Fulton County Sheriff weighs in on Gov. Hochul’s public safety proposals
NewsChannel 13 spoke to Fulton County Sheriff Richard Giardino to get his thoughts on some of Gov. Kathy Hochul’s public safety initiatives she outlined in her State of State Address.
Gov. Hochul talked about a new way to prevent people serving time and from committing crimes again. She proposed a Jails-to-Jobs program.
The program is aimed at giving inmates the support they need to find employment during re-entry. It also restores the tuition assistance program for inmates.
Gov. Hochul says she is committed to connecting previously incarcerated individuals with education and the resources they need. Part of her strategy is to train state parole officers and reentry specialists on career planning and job placement.
She also plans to expand vocational training that would allow inmates to obtain commercial driver’s licenses. Sheriff Giardino says he supports educating inmates and giving them job training. He says many of the inmates in jail struggle with reading and writing at a level they can function.
"I always think it’s good to teach job skills to inmates. That’s one of the problems in the state prison system is they would teach you how to be barbers, but they couldn’t have scissors or knives, so that didn’t make sense," said Giardino.
The governor also detailed her plan to combat the rising gun violence across the state.
During her address Wednesday, Hochul says she has taken measures such as signing a package of bills to combat the sale of untraceable firearms and ghost guns.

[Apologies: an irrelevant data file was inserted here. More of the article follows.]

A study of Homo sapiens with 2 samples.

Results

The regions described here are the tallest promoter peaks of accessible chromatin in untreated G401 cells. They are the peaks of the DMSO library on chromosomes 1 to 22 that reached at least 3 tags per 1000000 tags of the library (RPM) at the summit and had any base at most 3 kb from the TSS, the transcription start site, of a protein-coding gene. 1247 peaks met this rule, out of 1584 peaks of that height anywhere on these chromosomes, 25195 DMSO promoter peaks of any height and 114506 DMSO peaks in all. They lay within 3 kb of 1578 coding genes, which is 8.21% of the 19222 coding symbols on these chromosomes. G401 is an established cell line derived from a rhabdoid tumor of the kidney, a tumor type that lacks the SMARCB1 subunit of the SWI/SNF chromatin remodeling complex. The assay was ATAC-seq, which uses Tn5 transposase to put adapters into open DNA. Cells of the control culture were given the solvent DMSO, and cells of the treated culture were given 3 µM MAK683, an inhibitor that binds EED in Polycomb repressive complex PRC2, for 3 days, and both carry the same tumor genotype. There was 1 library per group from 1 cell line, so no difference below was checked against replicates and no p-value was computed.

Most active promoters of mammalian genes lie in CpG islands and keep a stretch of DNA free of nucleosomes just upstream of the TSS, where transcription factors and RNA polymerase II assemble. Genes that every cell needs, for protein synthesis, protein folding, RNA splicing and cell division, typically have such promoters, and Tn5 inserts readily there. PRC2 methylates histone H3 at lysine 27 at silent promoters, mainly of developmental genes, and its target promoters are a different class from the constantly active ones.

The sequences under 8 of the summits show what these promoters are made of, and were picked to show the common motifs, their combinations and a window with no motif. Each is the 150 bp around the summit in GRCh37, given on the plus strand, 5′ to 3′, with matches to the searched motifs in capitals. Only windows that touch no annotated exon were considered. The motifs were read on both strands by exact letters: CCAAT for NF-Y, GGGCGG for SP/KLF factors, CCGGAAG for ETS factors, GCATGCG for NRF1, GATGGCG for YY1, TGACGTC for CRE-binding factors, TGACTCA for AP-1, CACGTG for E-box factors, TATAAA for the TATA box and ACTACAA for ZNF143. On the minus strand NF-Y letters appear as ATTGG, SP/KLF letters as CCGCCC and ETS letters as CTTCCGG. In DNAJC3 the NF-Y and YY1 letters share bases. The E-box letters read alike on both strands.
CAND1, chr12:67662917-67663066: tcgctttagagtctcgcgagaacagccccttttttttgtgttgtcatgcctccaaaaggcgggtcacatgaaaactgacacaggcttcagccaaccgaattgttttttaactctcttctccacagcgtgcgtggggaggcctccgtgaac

Hochul says she is going to invest in New York’s Crime Analysis Center Network. This will allow law enforcement agencies access to collect and share data. She also wants to strengthen community based programs that work to prevent gun violence.
Sheriff Giardino says he supports community programs. However, he does not believe we should add new gun laws. He says we should enforce the laws we currently have. He says cities with high homicide rates have very strict gun laws.
"So, I believe that if we were to spend more time concentrating on the gun laws that we have in existence and prosecuting those illegal possessions, then we would be better. Adding new laws to people who lawfully possess guns does not reduce crime," said Giardino.
Sheriff Giardino added that he is in favor of Hochul’s effort to expand gun intelligence centers across the state.